Students – and viewers – pick a side. Actually we viewers don’t have to pick a side (we root for both of them) in the battle between an English Honors teacher Jack Markus (Academy Award Nominee Clive Owens) and the Arts Honors teacher Dina Delsanto (Academy Award winner Juliette Binoche). The film is the Fred Schepisi helmed Words and Pictures.
Now no one is going to claim that Owens and Binoche are up there with the legendary film combos like Spencer Tracy/Katherine Hepburn, or Rosalind Russell/Cary Grant, or even Julia Roberts/Richard Gere. But there’s definitely some major chemistry between them and you’re going to like what you see.
Jack Marcus is a published author and poet now teaching at an upscale school called The Croydon Preparatory Academy or Croydon Prep. The location is supposed to New England, but Vancouver is where the film was shot.
Jack’s got issues like writers block, lack of inspiration, and the school’s Headmaster and President of the Board (played by Amy Brennerman) think that Jack has been mailing it in rather than inspiring his students.
After all, he’s chronically late, is behind in grading the students’ papers, and has not put out a new issue of the school’s literary magazine in some time. You see, Jack is aware of his failings which has led to him having a drinking problem.
Enter Binoche as Dina Delsanto, a world-class painter . Here’s how their initial meeting went:
She is suffering with Rheumatoid Arthritis – a death knell for an artist’s hands. Yet later we find that she paints with mechanical aids, or tools, even a mop. Her fine art has become the broad-stroked based abstract rather than impressionist. But even if she has trouble dressing, she is not giving up.
So we have two damaged people. As this is a romantic comedy drama, of course they will fall in love, only it won’t come easy. Because first, they have to go to war. Not with stick and stones to break bones, but with an intellectual battle royal over which is more important – the word or the picture.
They duel in words as Jack likes playing a game:
Markus: I say a five syllable word that starts with ‘A’. You say a five syllable word that starts with ‘B’. We go on until some one is stumped. An-ti-his-ta-mine.
Delsanto: blah blah, blah-blah…
Markus: Only four syllables – my point.
This ‘banter’ continues through out the film. It is clever and witty, and while it may not always have the same kind of crackle and pop like that of a classic Spencer and Katherine sparring match – it is both fine tuned, and beautifully paced. Kudo’s to screenwriter Gerald Di Pego.
Take this example in words and pictures – first the pop-in:
Then the reaction:
The counter reaction:Followed by a summation
The students side with each of them. A school wide challenge is mounted to be decided at an assembly in the school auditorium. And that’s enough words for the set up.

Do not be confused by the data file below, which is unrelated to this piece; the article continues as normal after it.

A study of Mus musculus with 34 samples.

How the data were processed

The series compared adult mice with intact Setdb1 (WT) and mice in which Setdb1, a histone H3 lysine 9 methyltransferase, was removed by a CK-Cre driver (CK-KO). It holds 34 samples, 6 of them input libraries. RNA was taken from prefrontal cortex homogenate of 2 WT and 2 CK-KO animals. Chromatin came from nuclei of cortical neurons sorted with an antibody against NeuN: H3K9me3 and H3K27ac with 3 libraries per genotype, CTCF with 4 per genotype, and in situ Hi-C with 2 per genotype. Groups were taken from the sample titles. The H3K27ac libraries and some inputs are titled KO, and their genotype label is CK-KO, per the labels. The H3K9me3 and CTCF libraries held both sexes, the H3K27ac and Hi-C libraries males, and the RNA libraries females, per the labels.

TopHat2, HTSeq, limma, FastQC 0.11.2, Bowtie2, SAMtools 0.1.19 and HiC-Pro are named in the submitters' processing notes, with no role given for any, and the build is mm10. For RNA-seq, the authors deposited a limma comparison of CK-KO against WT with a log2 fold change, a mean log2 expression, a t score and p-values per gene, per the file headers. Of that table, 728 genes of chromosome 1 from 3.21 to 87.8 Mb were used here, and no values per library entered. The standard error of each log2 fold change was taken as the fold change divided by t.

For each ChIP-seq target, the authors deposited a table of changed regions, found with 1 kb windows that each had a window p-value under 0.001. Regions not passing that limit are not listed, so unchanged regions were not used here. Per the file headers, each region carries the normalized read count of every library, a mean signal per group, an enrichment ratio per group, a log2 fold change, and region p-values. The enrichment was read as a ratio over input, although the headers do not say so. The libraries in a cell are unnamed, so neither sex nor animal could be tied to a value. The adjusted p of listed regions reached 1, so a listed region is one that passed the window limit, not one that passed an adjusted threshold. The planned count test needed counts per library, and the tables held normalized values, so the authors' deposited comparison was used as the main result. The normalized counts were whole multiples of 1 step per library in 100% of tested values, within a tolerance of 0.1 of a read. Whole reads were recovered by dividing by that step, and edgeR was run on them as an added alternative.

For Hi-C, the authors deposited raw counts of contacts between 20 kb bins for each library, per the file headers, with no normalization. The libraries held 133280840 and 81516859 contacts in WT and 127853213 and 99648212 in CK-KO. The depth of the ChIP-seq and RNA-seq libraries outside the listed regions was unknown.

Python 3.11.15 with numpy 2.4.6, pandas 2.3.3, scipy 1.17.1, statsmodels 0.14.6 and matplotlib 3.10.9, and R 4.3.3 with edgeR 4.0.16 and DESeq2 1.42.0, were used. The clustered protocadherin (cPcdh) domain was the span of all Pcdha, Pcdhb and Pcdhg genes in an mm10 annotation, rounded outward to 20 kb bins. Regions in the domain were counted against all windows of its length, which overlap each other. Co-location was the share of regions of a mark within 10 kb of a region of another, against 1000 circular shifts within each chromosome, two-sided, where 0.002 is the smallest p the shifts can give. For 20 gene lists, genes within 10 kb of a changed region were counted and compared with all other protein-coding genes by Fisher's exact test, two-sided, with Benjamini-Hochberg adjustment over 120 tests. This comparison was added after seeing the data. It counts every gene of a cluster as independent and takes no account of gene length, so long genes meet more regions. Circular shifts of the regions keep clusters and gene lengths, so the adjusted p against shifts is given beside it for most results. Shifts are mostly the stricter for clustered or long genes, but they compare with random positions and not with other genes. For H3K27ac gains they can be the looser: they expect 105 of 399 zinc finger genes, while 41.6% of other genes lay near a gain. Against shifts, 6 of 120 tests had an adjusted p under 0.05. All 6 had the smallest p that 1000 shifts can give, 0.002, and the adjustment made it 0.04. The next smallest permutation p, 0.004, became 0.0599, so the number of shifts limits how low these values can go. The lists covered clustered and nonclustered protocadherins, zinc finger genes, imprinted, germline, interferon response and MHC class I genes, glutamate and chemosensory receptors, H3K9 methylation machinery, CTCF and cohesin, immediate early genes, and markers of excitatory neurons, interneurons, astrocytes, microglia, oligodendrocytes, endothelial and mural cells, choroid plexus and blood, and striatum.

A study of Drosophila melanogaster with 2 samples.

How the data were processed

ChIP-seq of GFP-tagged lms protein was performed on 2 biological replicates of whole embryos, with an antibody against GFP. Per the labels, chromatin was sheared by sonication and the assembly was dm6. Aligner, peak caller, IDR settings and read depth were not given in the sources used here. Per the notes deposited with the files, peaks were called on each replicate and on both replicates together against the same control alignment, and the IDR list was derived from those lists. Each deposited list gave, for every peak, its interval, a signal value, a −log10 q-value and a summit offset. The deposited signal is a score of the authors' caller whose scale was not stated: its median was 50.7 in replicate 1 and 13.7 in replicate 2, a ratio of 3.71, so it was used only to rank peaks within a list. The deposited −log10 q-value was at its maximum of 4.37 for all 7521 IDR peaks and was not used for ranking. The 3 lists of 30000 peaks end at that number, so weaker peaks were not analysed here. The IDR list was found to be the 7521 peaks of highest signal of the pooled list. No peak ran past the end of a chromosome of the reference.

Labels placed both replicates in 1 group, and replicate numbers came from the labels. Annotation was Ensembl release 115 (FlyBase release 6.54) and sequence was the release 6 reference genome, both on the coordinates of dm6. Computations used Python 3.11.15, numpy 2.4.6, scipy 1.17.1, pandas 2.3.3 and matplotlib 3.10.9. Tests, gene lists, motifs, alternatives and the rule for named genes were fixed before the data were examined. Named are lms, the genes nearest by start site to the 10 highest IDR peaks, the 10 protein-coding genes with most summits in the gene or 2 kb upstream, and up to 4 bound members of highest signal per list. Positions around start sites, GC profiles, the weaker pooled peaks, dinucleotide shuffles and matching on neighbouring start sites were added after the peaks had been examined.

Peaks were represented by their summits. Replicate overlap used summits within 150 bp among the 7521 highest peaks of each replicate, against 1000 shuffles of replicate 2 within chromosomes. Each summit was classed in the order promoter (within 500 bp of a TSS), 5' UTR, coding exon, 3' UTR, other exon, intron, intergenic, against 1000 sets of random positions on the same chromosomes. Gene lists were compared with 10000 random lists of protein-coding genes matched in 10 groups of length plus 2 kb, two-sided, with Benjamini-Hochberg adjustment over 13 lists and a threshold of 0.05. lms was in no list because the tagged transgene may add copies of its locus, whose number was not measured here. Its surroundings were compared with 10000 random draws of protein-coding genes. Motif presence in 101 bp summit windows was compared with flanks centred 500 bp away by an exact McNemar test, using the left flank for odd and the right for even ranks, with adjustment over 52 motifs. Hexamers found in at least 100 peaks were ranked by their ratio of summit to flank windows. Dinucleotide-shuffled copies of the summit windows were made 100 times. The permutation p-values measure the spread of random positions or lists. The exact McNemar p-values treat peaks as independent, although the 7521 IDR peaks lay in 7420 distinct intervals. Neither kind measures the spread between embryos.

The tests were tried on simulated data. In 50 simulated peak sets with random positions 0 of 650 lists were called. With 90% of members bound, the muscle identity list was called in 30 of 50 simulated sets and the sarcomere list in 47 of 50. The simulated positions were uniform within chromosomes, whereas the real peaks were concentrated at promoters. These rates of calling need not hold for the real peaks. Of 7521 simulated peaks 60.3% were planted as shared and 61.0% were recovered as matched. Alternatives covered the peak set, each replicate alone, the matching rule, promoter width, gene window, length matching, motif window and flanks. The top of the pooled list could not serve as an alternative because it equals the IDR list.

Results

To be honest, I loved this film. No, it doesn’t depart from the broad strokes of a film romance. But it has enough ups and downs, and plenty of rocks strewn in the path of love that make it both believable and quite enjoyable. I have another word in mind, but I’ll save it for the close.
Owens gives us a brilliant Markus; a remarkable scholar of the language, he can quote from the Constitution, or John Updike or Shakespeare to name just a few. He knows the etymology of every word we speak, and what’s more he knows words that we’ve never heard before. But he is slovenly and doesn’t take care of himself. After being banned from The Huntsman, the town’s main watering hole, he makes nice with the restaurant’s owner and gets re-instated. But it doesn’t last; he falls off the wagon again. He’s also estranged from his son. And he’s facing the fact that his job is in jeopardy. And he’s in denial.
Much of the art in the film is indeed Binoche’s real life art.
Whether she’s using a broad brush, or paint that falls from hoses on pulley’s suspended from the ceiling, or paint spray guns, or whether she wields a brush or rolls on a chair to deliver the paint, she seems at home.
She also effectively captures the look of some one who is dealing with the pain of her disease, as well as some one who must deal with a character as annoying as Jack Marcus. Though she won’t show Jack a smile in the early going, her beauty is always just beneath the surface, but never hidden. We wonder if she will find her way, and we hope she will.But Jack is not going to stop her or change her mind. She believes that pictures are the most important as well as the first form of communication, citing the cave paintings made by the cave-dwellers. Jack of course is at the ready pointing out that instead of grunts – words for fire, arrows, hunting , and food were formed.
There’s the side stories of Jack’s estrangement from his son, a previous romance with Brennerman’s School Board President, and the fact that in a drunken stupor he nearly wreck his house. Delsanto on the other hand, does her best to be aloof, and cold towards most people, students are the exception, even to the point of her being called an icicle that refuses to melt. Jack doesn’t give up, or give in easily either.
After a thaw, after all she is a human who says – all we need is food, clothes, shelter, and sex – words are optional – that catches Jack’s attention. He appears armed with flowers:But even a spot of heavy breathing doesn’t mean they have a future. Their individual issues must be resolved, as well as the overriding thematic issue of words vs pictures. For me the decision was easy – Delightful (there’s the word I promised). I’m rating the film at four point five and recommending it heartily. The theatrical release date is May 23rd, 2014.